I always know that spring has officially arrived when I start to see asparagus pop up at the farmers market. The vegetable is at its peak for a short time during the season, so I always try to take advantage of it while I can.
That means I usually have a lot of asparagus on my hands around this time of year, but luckily I’ve never had a problem using it all up. Asparagus is so flavorful on its own that it doesn’t take a lot to turn it into a masterpiece. In fact, I’m often able to prepare the veggie with just a few ingredients I already have in my pantry. Not to mention, there are so many simple ways to cook with asparagus, from raw and sliced for a quick salad, to boiled for a decadent, creamy side dish.
Here, professional chefs break down exactly how to prep and clean asparagus—whether you’re working with the white or green variety—plus all of their favorite ways to prepare the vegetable.
First, let’s discuss the types of asparagus you can buy.
Green asparagus is the most common type you’ll see at the supermarket. Sven Mede, VP of culinary operations at Blau and Associates, loves green asparagus because of how versatile it is. Its earthy, grassy flavor translates well to a wide variety of recipes, including salads, soups, frittatas, pastas, risottos, and beyond.
White asparagus is less common and a little more finicky. It’s more popular in Europe, where it’s beloved for its sweeter flavor and bitter notes. It’s white because it’s grown underground where it isn’t exposed to sunlight and therefore can’t develop the chlorophyll that’s responsible for green asparagus’ color, explains Carlos Calderon, chef at North Italia. He says it’s super delicious and definitely worth trying, but slightly less versatile than the green stuff. If you’re lucky enough to spot a bundle of white asparagus at your local farmers market or Whole Foods, highlight the vegetable by cooking it with simple ingredients that won’t overpower its flavor.
Also, important PSA: Snapping the stalks is unnecessary.
There are lot of people on the internet that swear by snapping asparagus stalks, and honestly, I used to be one of them. The supposed reasoning is that you can easily get rid of the tough parts of the stalk by bending each one and breaking it wherever it naturally snaps. But you don’t actually need to do any snapping, says Calderon. All you do have to do is trim one inch off the bottom to get rid of the woody, fibrous stem.
This method takes less time overall, because you can trim a bunch of stalks at once with a large chef knife but you have to snap each one individually. And you end up getting more asparagus, because snapping often removes part of the vegetable that is technically good to eat.
You also don’t have to peel all asparagus. Green asparagus has a tender outer skin that’s easy to eat and can add a beautiful, green color to your dinner table. On the other hand, Mede says that white asparagus is more fibrous and has a tough, bitter skin that always needs to be peeled.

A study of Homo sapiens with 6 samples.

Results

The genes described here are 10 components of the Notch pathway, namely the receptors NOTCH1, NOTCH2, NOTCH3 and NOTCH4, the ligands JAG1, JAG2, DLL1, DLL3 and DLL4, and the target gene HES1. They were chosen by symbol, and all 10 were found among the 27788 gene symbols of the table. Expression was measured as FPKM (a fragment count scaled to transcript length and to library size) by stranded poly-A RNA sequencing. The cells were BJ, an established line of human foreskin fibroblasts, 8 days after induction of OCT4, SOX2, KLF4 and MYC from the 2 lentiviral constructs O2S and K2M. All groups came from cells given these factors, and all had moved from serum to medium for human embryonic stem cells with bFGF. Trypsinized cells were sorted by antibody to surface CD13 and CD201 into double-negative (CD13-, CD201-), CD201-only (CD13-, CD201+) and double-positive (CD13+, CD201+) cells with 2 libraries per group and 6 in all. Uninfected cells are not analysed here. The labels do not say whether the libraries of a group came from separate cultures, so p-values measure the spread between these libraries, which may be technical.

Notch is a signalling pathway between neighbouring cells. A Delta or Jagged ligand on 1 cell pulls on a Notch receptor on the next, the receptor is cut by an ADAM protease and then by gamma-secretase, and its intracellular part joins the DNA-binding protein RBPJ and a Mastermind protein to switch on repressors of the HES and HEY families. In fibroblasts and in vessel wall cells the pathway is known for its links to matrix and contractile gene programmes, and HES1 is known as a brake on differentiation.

Try preparing asparagus these three ways:
You need very few ingredients for a great asparagus dish. For this story, I tried out three simple asparagus-cooking methods and none of them required more than five ingredients. For each one, all I needed was olive oil, white wine vinegar, salt, pepper, and, of course, asparagus.
1. Boil white asparagus in water, lemon juice, and butter.
“Traditionally in Europe, white asparagus is cooked for about six to eight minutes in water with lemon, then served right away,” Mede explains. If you don’t have any lemons or butter around, though, you can totally use something else. When I tried out the method, I swapped in white wine vinegar and olive oil for the lemons and butter and the results were delicious.
To boil white asparagus yourself, bring a medium pot of water to a boil and add a tablespoon of salt, and a tablespoon or two of lemon juice and butter (or white wine vinegar and olive oil). Peel the skin off 12 white asparagus stalks and tie them up into bundles of six using kitchen twine or rope. Doing this will help preserve their structure as they cook in the hot water. Transfer them to the pot, bring the water down to a simmer, and let the asparagus cook until they’re fork tender—about eight to 15 minutes depending on their size. Remove them from the pot and eat plain or serve them with a sauce like hollandaise.
2. Roast green asparagus till it’s crispy and smoky.
If you need a super simple side dish, roasted green asparagus is always a great way to go. Simply toss your asparagus on a sheet pan with olive oil and salt and let it do its thing in a 425 degree F oven for about 20 to 30 minutes, says Calderon. Be sure to spread the stalks on the pan so that they’re not overlapping—the closer they are together, the more steam they will produce, which will result in a mushy final product. Try to keep them about an inch apart from each other to ensure they crisp up perfectly. You’ll know they’re ready when they’re a little black on the tips and easy to pierce with a fork.
Don’t feel limited to olive oil, though. I love to roast asparagus in things like miso paste, spicy gochujang, and even tahini. If you think it’ll taste good, it probably will.
3. Slice raw asparagus for a refreshing salad.
Mede says that you can and should eat asparagus raw, whether its white or green. I personally like to slice it thinly with a mandolin or a vegetable peeler so that it’s a bit more tender, but you can also bite right into a raw stalk if you feel like it.
To make an easy spring salad, thinly shave green or white asparagus (or both), toss it with white wine vinegar, olive oil, salt, and pepper, and dig in. Feel free to use whatever dressing you like, though. If you want to top it with a creamy caesar or a tangy balsamic, go for it. Whatever you choose, it’s hard to mess up this excellent ingredient.